We have talked about the benefits of integrating QA and Development in an agile environment in an earlier post and how removing boundaries between developers and testers promotes a collaborative working environment. When software testers and developers work in sync, they can produce higher-quality work in less time.
agile scrum stories

But what exactly is the role of QA in agile?

What can a tester do to help initiate a cooperative working relationship with the development team? Here are 6 things software testers should do when working with an agile scrum team:

1. Attend sprint planning sessions.

A member of QA should always attend planning sessions. Attending ensures QA is synchronized with the development team from the start and allows QA to identify possible problem areas and risks early on. Just like developers estimate the effort it will take for them to write code, QA should estimate the effort required for testing the code during the planning session. Without QA present, testing efforts and a realistic time allocation can be overlooked and not included in the sprint’s overall estimates.

2. Attend daily stand-ups.

A member of the QA team should always attend the daily stand-ups. Doing so promotes a collaborative team environment, making QA feel involved and a part of the team. Additionally, by QA being present, they can stay up to date with how the sprint is going, which allows them to plan their workload. If a tester has a blocker, they can bring this up during the stand-up. QA’s presence in stand-ups also gives them a chance to update on known issues, allowing developers to keep up to speed on testing progress and better plan their own workload.

3. Don’t save all the testing for the end; test throughout the sprint.

To deliver high-quality software in a short amount of time, you need to work efficiently. QA’s test workload takes place throughout the sprint, which allows for issues to be found earlier instead of only at the sprint’s conclusion. If you find all the bugs at the end of the sprint, it’s too late. Integrating testing and development allows the two teams to work together and resolve issues faster, leading to higher quality results.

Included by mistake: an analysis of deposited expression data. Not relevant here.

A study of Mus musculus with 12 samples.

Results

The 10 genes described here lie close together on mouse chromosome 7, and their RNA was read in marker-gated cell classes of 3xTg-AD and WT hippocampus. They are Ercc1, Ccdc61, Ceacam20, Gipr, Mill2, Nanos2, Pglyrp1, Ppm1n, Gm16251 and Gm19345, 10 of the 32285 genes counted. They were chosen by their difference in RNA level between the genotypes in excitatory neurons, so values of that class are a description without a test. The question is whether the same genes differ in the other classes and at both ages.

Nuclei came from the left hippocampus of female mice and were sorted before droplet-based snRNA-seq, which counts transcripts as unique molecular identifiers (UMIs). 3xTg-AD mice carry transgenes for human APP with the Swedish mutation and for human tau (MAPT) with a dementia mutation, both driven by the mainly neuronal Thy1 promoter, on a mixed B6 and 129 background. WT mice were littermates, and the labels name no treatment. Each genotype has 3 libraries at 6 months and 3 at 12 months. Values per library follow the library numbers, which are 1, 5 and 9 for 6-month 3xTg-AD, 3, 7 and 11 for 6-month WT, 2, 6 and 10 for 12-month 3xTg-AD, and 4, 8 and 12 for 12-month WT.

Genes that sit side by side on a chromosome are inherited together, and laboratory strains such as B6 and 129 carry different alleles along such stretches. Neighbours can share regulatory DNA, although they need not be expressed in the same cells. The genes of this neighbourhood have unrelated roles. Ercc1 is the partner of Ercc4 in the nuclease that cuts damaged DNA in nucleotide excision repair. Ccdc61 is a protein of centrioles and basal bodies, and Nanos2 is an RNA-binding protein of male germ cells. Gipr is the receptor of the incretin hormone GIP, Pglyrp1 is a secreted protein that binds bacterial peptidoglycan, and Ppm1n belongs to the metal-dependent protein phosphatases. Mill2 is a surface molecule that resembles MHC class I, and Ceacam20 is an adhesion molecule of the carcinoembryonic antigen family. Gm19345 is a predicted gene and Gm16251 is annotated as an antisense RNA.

4. Meet with developers for short, hand-off demonstrations.

It’s hard to argue against the value of in-person communication. Assuming QA and development work in the same location, schedule a quick face-to-face hand-off demonstration for each feature. Doing this allows QA to see precisely how the new feature works and is also a good time for them to ask the developer any questions. These hand-offs can also bring to light issues the developer may not have considered yet. These interactions also help shorten the feedback loop between development and QA

5. Attend sprint retrospectives.

Don’t miss out on the opportunity to discuss successes and failures that can improve future sprints by failing to attend the final team meeting. No matter how good a team is, there will always be room for improvement. Sprint retrospectives are the opportunity to define weaknesses and determine solutions for them. QA needs to be involved in these discussions to have any concerns addressed before the next sprint begins. For example, maybe a lot of the work was delivered to QA late in the sprint, leading to a rushed testing effort. QA might raise this concern to avoid it happening again the next time.

6. Document test cases.

Just because you’re an agile team doesn’t mean you should skip documentation. Documentation is essential, especially for QA. Keep your documentation lean because changes are bound to happen. Even minimal documentation can add a lot of value to you and your team. For example, if testers shift from project to project, having some test documentation will help get the new team member up to speed faster. QA and Development in an agile environment can help with this – we’ve built a lightweight tool to help you keep your test documents organized.

In summary, agile embraces lean, flexible processes, tools, and documentation. The traditional QA model is now a delivery-driven role requiring a collaborative environment. There QA can focus on tasks that result in one thing: quickly delivering a high-quality product.